Are you preparing to take your child for their COVID-19 vaccine? We asked one of our experts, nurse Barb Paton, for tips on what to expect.
Check out her videos or read her tips below on what to expect before, during, and after the appointment.
Before Your Child’s Appointment
Plan to be at our clinic for about half an hour to an hour and it’s a good idea to give them a snack beforehand. Remember to bring your child’s Care Card and booking confirmation and be sure they are wearing a mask and a short-sleeved shirt so that we can easily give them their vaccine.
During Your Child’s Appointment
All our public health nurses at immunization clinics are trained to work with children and can help you work with your child to support them. When we meet you and your child, we’ll talk to you about the vaccine and answer any questions you may have. There’s no rush!
Feel free to use puzzles, games or other distractions to help your child if they are feeling a little nervous. Doing breathing exercises can help reduce any stress, as well. Again, our job as your child’s care provider is to make the experience as positive as possible.
The paediatric vaccine is a smaller dose than what is given to older children and adults, and takes only a moment to administer. Sometimes children’s imaginations make it scarier than it actually is, and kids usually say it didn’t hurt as much as they thought.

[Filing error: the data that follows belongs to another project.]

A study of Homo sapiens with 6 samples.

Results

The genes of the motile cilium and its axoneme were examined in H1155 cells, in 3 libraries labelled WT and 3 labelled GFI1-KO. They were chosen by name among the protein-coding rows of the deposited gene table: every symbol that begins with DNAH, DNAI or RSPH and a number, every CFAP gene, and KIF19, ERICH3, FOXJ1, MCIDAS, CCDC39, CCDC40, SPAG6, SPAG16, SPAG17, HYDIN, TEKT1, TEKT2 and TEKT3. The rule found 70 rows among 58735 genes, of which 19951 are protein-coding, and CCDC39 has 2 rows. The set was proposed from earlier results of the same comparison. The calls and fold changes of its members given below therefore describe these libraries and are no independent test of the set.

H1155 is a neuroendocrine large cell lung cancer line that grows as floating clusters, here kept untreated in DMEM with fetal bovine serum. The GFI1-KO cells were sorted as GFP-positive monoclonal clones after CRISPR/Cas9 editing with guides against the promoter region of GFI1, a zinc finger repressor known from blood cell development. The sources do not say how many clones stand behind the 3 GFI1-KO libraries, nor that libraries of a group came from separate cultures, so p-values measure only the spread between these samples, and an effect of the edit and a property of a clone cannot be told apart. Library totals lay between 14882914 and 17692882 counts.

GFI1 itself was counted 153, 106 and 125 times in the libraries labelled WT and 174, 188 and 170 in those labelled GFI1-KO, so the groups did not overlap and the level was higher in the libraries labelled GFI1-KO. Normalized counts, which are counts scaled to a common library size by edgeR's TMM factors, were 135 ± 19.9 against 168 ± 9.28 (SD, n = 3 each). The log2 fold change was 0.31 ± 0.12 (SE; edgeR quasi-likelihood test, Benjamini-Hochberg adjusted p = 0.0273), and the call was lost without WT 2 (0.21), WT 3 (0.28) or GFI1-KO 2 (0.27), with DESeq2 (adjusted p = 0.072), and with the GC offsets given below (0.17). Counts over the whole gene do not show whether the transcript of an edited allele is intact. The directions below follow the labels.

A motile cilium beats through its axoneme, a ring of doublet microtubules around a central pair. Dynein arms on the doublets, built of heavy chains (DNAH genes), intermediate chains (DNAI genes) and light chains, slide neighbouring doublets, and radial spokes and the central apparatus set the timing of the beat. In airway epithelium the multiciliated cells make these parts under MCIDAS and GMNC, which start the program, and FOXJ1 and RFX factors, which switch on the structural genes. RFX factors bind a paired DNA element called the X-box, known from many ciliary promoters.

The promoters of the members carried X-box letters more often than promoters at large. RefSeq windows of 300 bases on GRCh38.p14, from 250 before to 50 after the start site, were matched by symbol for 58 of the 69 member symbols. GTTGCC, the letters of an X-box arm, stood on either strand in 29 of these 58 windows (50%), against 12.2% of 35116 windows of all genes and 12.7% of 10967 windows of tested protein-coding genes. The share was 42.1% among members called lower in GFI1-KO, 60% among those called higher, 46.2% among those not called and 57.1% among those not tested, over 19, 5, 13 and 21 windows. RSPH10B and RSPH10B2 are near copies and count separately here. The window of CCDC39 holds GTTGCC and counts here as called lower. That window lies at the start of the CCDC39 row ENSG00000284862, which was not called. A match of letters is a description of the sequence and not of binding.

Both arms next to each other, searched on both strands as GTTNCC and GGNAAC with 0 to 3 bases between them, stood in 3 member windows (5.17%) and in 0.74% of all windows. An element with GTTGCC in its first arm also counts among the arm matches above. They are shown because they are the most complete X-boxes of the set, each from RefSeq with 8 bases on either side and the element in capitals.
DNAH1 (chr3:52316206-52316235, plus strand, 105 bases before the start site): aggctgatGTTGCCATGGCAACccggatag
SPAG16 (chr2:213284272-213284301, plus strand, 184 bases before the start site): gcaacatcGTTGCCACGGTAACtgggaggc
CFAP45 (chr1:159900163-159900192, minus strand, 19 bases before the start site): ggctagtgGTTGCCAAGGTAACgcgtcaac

After Your Child’s Appointment
After the vaccination, you and your child will wait in the recovery area for 15 minutes. Then you’re all done! Congratulations – you’re child is a vaccine champion!
There are some common side effects such as pain, and redness at the injection site. These will pass quickly.
Headache, muscle aches and fever or chills are quite less common compared to adolescents who received the adult vaccine. Serious side effects are very rare, but if you notice any health or behaviour changes contact 811 or your healthcare provider.
Looking for more information?
Check out our information on COVID-19 vaccines for children 5-11.
About the author
Barb Paton is a public health nurse who has been practicing for 25 years.